Hockey

Rod Perry - Wednesday Feb. 19, 2014 14:16 ET

U.S. bounces Czech Republic to advance to hockey semifinals

5 different Americans score

Zach Parise celebrates in men's hockey
American Zach Parise, centre, celebrates his goal against the Czech Republic Wednesday (Quinn Rooney/Getty Images)
To play the video you must download our Olympic App using the link belowDownload ApporPlay Video in App

The Americans finally have their shot at vindication.

They’ve had four long years to think about their 2010 Olympic gold-medal loss to Team Canada, and now they have a chance to avenge that defeat when the two powerhouse hockey nations collide Friday in the upcoming semifinals of the 2014 Sochi Games (streaming live on cbc.ca/olympics, 12 p.m. ET).

Team USA moved on to the semis by taking down the Czech Republic 5-2 Wednesday, using balanced scoring and strong goaltending to clip the underdog Czechs in the quarter-finals.

American goalie Jonathan Quick said afterwards his team is ready for the challenge of dethroning the reigning Olympic champions.

"We were destined and on a crash course to face each other," said Quick. "It happens to be in the semifinals, not the finals like Vancouver.

"I don't think either team will need any motivation and there will be some great hockey on Friday night."

Quick was solid when called upon in a 21-save effort for the Americans, who narrowly outshot the Czechs 25-23.

He has emerged as the Americans' No. 1 goalie in the tournament, earning the start over veteran Ryan Miller, who was in net for the 2010 final against Canada.

Ryan Suter had three assists and the U.S. got goals from five different players: James van Riemsdyk, Dustin Brown, Phil Kessel, Zach Parise, and David Backes. Ryan Kesler chipped in with a pair of assists.

Parise said the U.S. was looking forward to the tilt with Canada — which survived a scare by edging Latvia 2-1 in the other men's quarter-final — but knows his club has to approach with caution. 

"We know how good they are, they have some of the best players in the world," Parise said. "We knew we would probably have to face them at some stage. We know a lot about each other and it's going to be a tough game for both teams.

"These guys are tough but when we play we bring the best out in each other."

Kessel extended his tournament lead in scoring with his fifth goal, to go along with three assists. But all that matters to the Toronto Maple Leafs sniper is winning.

"That's what this team is about," Kessel said. "We are all for each other...That doesn't matter a thing to me. I'm here to win medals not to gain personal tributes."

Ales Hemsky provided the lone offence for the Czechs, scoring a pair of goals in his club’s elimination loss.

Pavelec chased

Goalie Ondrej Pavelec was pulled from the game midway through the second period, after giving up four goals on 12 shots.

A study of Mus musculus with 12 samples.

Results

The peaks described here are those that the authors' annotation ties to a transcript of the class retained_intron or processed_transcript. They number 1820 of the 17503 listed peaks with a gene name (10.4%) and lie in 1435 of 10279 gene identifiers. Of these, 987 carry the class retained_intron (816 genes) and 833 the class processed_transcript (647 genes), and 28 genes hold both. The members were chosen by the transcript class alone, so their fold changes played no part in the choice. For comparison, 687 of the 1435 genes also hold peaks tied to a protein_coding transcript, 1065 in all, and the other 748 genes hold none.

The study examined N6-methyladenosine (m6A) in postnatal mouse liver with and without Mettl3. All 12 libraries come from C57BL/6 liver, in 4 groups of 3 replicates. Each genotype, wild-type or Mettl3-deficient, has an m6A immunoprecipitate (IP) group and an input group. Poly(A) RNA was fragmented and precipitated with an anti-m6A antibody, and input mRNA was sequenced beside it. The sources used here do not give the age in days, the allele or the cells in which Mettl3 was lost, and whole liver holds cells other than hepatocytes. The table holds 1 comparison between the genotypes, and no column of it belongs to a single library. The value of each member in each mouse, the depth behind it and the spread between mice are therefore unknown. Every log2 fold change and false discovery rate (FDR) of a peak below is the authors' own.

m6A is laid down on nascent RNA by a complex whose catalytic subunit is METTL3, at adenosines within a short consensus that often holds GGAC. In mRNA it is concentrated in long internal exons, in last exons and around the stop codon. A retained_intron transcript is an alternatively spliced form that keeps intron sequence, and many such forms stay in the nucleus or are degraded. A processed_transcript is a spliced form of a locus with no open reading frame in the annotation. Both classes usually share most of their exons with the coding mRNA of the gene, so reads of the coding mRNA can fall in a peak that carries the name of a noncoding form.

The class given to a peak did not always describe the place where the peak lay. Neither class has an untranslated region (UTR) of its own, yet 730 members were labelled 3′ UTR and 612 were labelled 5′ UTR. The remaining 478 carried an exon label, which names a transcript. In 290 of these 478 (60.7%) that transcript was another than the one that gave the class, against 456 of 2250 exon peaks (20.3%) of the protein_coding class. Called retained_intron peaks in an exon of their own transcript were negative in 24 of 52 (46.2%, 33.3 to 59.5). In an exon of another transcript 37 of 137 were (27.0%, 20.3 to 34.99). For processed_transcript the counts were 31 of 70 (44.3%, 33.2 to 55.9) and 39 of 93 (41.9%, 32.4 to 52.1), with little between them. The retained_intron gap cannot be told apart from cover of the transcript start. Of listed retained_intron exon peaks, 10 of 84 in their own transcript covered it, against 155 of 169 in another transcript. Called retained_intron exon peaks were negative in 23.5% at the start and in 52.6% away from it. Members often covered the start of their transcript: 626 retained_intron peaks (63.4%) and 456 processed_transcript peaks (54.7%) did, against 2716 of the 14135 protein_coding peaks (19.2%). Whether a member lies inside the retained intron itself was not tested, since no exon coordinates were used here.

The U.S. has arguably been one of the most impressive teams so far, boasting some balanced scoring and strong goaltending.

The Americans preyed on the vulnerable Pavelec early on. They didn’t pepper the Winnipeg Jets goalie with shots — nine in the first period — but took advantage of his miscues, starting early in the first frame when van Riemsdyk somehow found the tiny space between Pavelec’s leg and the post to open the scoring.

His shot at 1:39 of the first was his first Olympic goal.

The Czechs were able to keep up with the Americans in the first period in every way but the scoreboard. Despite only being outshot 9-7 in the period, they found themselves on the wrong side of a 3-1 score.

Parise’s first goal of the tournament midway through the second period spelled the end of Pavelec’s night. He left with his club down 4-1, but looked rather uncomfortable right from the puck drop.

Playing in his second game in as many nights, the 26-year-old gave up four goals on 12 shots and gave way to Aleksander Salak.

Nifty passing

The Czechs used some nifty passing and a bit of luck to even things up at 1-1 midway through the first. Alex Hemsky got credit for the goal after it was initially awarded to Milan Michalek.

Ryan McDonagh tried to clear the puck from out front of his own net, but it deflected off the skate of teammate Ryan Suter and past a sprawling Quick.

The Czechs had a disappointing round robin, having to go through the qualification round – and beating Slovakia – to get to the quarter-finals against the U.S.

The U.S. finished atop Group A with two regulation wins and a shootout win.

Comments on this story are moderated. Comments will appear immediately but may be removed if they violate our Submission Guidelines. Comments are open and welcome for three days after the story is published. We reserve the right to close comments before then.

Submission Policy

Note: The CBC does not necessarily endorse any of the views posted. By submitting your comments, you acknowledge that the CBC has the right to reproduce, broadcast and publicize those comments or any part thereof in any manner whatsoever. Please note that comments are moderated and published according to our submission guidelines.